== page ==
RIO de JANEIRO — Think about this for a moment: Forty years ago, the United States Olympic Committee did not even expect the women’s basketball team to QUALIFY for the Games. When they won the qualifying tournament, there was a mad effort just to get the team accommodations in Montreal.
That was the first Olympic women’s basketball tournament, forty years ago, and the United States played in the first game, against Japan.
The headline in one American newspaper after that game:
“Japan Downs United States Gal Cagers.”
And the lede:
“It took the American men 36 years to lose their first Olympic basketball game. It took the American women just one day.”
The U.S. lost convincingly to Japan that day, 84-71, and it was no surprise because women had not yet convinced American they could play team sports. Title IX had only just begun, and it was controversial. The “women don’t even WANT to play sports” columns were American newspaper staples. On the Olympic front, the U.S. women’s volleyball team had not qualified for the Olympics in eight years.
Nobody expected much from the U.S. women’s basketball team even if basketball was sup-posed to be America’s sport. In addition to losing to Japan, the U.S. lost by 35 to the Soviet Un-ion. The Soviets scored the first 17 points of the game — that was the gap between the two countries. The U.S. did manage to win a silver medal based almost entirely on their scrappiness. It was considered a magnificent triumph for American women.
That was just 40 years ago.
So, yes, now, as you know, the U.S. women’s basketball team is probably the most dominant team in the world, any Olympic sport. When the U.S. beat France in the semifinal on Thursday, it was their 24th consecutive DOUBLE-DIGIT victory at the Olympics. The 19-point win was also one of their closest; over those 24 games the U.S. average margin of victory has been 36 points.
In all — including a couple of close ones more than a decade ago — the U.S. has won 48 Olympic games in a row. Here’s how long it has been since the U.S. women last lost an Olympic basketball game: That loss was to the Unified team, the odd conglomerate of countries thrown together in the wake of the Soviet Union’s collapse way back in 1992.
So how does this happen? How does the U.S. become so overwhelming in women’s basket-ball. It’s not like this was a given. The U.S. women’s volleyball team lost on Thursday, just a couple of hours before the basketball team took the floor, and that means that the United States women still have not won an Olympic gold medal in the event. There have been many, many great women’s volleyball players in the U.S. — the sport thrives in colleges across the country — but still zero gold medals. Why has basketball been so different?
I’ll give you my theory: It’s the WNBA. The WNBA is almost 20 years old, and the U.S. has never lost an Olympic basketball game since it began. The team on the floor on Friday included WNBA megastars like Diana Taurasi and Maya Moore, Tina Charles and Tamika Catchings and Brittney Griner. And in truth, two WNBA players who did not even make the Olympic team — Candace Parker and Nneke Ogwumike — are probably better than any player on any of the other teams.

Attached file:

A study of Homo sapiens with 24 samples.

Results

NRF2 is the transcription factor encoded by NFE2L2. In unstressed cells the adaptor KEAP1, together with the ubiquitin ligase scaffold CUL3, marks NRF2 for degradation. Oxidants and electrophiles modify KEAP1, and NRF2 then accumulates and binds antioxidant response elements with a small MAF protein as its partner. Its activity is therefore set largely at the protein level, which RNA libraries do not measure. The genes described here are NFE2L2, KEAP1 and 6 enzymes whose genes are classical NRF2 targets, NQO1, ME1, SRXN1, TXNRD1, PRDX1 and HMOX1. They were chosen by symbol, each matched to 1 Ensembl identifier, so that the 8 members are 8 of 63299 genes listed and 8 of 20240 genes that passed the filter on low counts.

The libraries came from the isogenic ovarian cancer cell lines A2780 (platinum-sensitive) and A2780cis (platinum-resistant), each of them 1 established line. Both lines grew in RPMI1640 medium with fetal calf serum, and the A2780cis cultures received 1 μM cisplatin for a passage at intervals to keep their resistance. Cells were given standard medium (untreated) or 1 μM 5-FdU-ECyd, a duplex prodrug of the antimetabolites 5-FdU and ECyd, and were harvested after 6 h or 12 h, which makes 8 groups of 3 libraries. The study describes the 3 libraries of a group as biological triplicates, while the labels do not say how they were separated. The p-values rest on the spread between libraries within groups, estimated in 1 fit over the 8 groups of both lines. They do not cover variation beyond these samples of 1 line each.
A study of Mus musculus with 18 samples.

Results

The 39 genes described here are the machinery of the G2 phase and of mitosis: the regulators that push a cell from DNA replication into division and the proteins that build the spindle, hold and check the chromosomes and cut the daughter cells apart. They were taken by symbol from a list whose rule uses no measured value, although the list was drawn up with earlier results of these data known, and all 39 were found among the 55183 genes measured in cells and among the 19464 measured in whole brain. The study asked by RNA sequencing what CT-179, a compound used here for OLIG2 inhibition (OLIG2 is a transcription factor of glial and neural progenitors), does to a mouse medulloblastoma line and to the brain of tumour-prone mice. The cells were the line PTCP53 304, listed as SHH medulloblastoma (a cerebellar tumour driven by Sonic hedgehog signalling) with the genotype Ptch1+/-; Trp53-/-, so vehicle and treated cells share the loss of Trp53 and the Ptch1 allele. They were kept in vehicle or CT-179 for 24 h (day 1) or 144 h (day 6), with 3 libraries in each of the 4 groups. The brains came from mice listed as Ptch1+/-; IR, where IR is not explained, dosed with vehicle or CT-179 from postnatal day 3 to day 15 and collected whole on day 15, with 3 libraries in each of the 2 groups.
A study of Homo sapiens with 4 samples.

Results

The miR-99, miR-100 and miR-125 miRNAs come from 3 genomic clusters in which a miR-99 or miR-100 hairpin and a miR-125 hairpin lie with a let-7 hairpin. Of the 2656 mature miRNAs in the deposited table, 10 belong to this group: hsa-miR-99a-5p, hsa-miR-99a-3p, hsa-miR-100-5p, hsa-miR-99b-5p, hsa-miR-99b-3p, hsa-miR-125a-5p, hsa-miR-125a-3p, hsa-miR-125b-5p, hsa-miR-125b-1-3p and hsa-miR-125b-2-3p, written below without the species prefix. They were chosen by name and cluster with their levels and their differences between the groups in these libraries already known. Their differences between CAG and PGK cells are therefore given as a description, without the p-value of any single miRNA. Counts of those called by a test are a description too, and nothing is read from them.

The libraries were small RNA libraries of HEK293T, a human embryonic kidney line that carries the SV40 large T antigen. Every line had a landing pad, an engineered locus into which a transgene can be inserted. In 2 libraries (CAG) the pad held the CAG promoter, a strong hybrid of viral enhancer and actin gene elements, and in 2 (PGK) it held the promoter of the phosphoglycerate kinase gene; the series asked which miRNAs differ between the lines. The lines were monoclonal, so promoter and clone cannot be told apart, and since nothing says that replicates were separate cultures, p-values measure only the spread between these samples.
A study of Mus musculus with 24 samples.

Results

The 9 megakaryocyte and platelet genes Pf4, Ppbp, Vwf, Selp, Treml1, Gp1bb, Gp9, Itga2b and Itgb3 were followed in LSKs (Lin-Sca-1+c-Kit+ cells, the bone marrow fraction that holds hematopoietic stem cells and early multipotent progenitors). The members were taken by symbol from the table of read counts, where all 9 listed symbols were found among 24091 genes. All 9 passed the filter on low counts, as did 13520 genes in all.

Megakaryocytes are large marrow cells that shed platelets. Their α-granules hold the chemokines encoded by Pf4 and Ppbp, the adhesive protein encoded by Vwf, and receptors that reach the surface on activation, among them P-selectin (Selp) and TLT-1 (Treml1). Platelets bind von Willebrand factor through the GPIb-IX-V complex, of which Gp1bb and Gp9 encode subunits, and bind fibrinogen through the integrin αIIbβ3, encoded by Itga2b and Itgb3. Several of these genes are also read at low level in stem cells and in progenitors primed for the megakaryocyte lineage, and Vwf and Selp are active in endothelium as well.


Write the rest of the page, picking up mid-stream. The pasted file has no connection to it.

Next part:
That’s the depth the WNBA has created. It has given girls a dream. It has given young wom-en a goal. And perhaps most directly, it has given great American basketball players a home so that they don’t burn themselves out playing overseas. You look at this team, and Sue Bird, Tamika Catchings and Diana Taurasi are all going for their FOURTH Olympic gold medals. That’s 12 years of staying on top of the world. That’s the WNBA.
When you think back 40 years, you see that there were few obvious athletic goals for American women to aspire to. There was figure skating, swimming, it was a pretty limited field. That year, 1976, Nadia Comaneci gave young girls a dream to become gymnasts, and eight years later Mary Lou Retton emerged, another decade or so and America has the best gymnastics team in the world.
Not long after, a man named Richard Williams in Los Angeles was watching a women’s tennis match on television, saw a Romanian named Virginia Ruzici cash a nice check, and he determined that he would raise his daughters, the newborn Venus and the soon to be born Serena, into the best tennis players on earth.
And so on — every few years, a new sports dream came along. Jackie Joyner Kersee opened up a new world. Nancy Lopez opened up a new world. The U.S. women’s soccer team opened up a new world.
Most of all, women’s basketball — first the growth of the college game at Tennessee and later Connecticut and other places, then the WNBA — created the greatest flood of women’s basketball talent in the history of the game. There is little question that this team right here is the best of all time. The 2012 team was probably the best of all time (and the 2008 team before that). Now the team adds Griner and WNBA MVP Elena Della Donne and the game’s next superstar Breanna Stewart. It’s extraordinary.
Put it this way: The U.S. will play Spain in the final. They have already beaten Spain at this tournament by 40 points. Anything can happen, of course, and you never count victory before it happens. But let’s be realistic. Almost 20 years ago the WNBA came along. And even though some people mocked it, and some people questioned it, and some of that still happens, the WNBA changed the sports landscape in America. Among other things, it gave America one invincible basketball team.